WikiLeaks Founder, Assange, Faces Legal Trouble in Britain



WikiLeaks founder, Julian Assange.

Jesus Aguilar ’22, Staff Reporter

On Jan. 4, United Kingdom District Judge Vanessa Baraitser ruled that Julian Assange would not be extradited to the United States from Britain to be tried under 17 charges of violating the Espionage Act of 1917. 

Assange’s legal trouble began on May 23, 2019 when he was charged with publishing confidential documents to his news website, “Wikileaks.”

“Assange ‘leaks’ detailed abuses by our government in regards to foreign policy. It also detailed, as far as I can gather, abuses of our government, specifically Fourth Amendment violations of the public,” said Dean of Students Juan Zumbado ’98.

Wikileaks is best known as an online habitat for leaked government documents. It has exposed certain information regarding the Democratic National Convention’s meddling in presidential candidate Bernie Sanders’ 2016 campaign and the military attacks on citizens in Baghdad, Iraq in 2010.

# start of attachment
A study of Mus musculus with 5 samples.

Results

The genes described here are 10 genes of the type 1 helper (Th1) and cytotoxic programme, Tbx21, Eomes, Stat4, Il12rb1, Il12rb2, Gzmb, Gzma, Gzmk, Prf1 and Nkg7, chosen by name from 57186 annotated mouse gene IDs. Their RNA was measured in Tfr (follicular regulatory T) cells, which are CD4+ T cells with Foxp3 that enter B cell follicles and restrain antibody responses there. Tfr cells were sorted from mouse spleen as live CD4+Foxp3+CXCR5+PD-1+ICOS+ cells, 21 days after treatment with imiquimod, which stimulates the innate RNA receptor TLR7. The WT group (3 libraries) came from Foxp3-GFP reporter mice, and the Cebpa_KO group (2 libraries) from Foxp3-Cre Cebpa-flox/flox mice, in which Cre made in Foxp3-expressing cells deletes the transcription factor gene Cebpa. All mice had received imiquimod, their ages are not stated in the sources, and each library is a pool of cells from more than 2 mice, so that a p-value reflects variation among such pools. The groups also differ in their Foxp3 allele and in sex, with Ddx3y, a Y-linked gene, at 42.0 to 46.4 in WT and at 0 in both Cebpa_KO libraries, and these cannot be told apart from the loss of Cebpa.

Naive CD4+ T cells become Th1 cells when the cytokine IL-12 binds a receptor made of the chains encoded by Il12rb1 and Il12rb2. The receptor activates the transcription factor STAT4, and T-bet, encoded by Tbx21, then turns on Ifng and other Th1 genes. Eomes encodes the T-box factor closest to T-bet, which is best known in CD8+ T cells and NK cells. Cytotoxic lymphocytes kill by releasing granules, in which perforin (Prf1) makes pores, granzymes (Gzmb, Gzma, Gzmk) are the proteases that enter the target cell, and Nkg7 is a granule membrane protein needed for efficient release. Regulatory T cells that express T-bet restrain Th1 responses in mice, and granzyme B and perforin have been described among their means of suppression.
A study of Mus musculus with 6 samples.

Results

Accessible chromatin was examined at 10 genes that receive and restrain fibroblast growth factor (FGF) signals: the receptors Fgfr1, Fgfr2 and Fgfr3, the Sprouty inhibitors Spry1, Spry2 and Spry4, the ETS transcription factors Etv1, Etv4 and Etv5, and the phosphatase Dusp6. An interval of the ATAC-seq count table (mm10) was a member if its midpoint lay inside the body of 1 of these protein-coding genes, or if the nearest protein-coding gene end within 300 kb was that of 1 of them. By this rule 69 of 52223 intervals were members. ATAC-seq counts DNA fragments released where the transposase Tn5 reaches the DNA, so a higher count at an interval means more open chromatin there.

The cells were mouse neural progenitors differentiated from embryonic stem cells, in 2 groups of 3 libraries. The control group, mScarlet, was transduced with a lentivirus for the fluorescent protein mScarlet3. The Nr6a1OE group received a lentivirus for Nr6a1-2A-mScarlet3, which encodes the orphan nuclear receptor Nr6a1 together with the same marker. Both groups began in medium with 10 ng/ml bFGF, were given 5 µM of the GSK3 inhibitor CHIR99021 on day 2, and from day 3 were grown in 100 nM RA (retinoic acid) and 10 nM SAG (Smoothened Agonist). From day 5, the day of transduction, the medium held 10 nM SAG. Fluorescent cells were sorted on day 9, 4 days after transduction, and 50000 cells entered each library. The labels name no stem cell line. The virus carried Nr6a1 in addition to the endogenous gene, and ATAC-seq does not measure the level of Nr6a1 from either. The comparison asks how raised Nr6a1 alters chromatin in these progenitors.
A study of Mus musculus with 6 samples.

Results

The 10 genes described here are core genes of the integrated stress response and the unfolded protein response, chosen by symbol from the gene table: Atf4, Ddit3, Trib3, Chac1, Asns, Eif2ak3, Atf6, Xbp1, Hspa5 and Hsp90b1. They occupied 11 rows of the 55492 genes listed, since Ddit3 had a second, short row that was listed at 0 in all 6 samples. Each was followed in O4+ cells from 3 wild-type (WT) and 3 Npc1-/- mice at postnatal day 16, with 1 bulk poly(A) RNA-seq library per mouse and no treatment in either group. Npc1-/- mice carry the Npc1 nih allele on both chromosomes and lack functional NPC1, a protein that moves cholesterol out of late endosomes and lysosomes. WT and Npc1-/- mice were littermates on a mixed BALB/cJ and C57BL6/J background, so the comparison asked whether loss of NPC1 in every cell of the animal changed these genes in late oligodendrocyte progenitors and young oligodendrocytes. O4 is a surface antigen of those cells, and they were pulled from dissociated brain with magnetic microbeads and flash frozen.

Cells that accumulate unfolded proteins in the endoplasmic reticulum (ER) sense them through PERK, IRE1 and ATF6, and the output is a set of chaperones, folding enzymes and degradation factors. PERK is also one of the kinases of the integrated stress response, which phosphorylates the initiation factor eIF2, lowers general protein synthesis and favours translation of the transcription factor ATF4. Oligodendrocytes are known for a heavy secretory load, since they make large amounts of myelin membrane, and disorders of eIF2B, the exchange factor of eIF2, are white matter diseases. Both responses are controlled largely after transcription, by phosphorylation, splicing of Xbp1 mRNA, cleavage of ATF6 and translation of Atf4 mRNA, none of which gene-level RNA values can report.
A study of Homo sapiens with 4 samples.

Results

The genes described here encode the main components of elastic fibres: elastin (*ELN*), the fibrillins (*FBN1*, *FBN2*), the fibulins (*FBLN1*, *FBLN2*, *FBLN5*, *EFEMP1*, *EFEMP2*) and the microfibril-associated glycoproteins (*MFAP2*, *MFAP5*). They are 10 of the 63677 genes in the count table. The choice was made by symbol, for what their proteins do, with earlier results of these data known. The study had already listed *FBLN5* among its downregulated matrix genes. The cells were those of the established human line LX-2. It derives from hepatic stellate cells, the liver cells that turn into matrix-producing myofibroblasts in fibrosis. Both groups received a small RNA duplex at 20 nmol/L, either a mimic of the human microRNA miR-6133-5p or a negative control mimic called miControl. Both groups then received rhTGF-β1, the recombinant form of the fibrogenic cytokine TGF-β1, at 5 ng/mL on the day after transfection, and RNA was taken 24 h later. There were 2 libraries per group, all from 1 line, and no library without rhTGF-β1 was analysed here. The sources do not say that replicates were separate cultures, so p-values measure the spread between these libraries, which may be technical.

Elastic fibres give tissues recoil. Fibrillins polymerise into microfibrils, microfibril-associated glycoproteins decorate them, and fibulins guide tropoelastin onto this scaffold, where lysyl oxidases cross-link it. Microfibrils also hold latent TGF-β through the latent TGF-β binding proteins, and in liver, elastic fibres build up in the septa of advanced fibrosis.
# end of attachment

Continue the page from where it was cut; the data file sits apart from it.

Assange would soon be charged for releasing these sensitive documents to the public. However, this raises the question among many: If Wikileaks is considered a media organization, how is the United States within its rights to charge him when he is under the defense of the First Amendment?

William Parker ’24 notes the similarities between Wikileaks and other media outlets saying, “Assange does have a point stating that he is no different from any news outlet, since Assange released classified documents similar to other news outlets.”

While there still remains questions as to what will happen to Assange, there lies another uncertainty in what the American public is able to learn about its government. What are citizens allowed to know about their own government? Additionally, it creates another discrepancy between media government and media outlets in what they are allowed to report. 

Parker offered a different look at this situation, stating, “Citizens should be limited in search of information on their nation’s military actions . . . If citizens actively knew where their military was stationed, they could take this information and release it putting their military in harm’s way of terrorist groups.”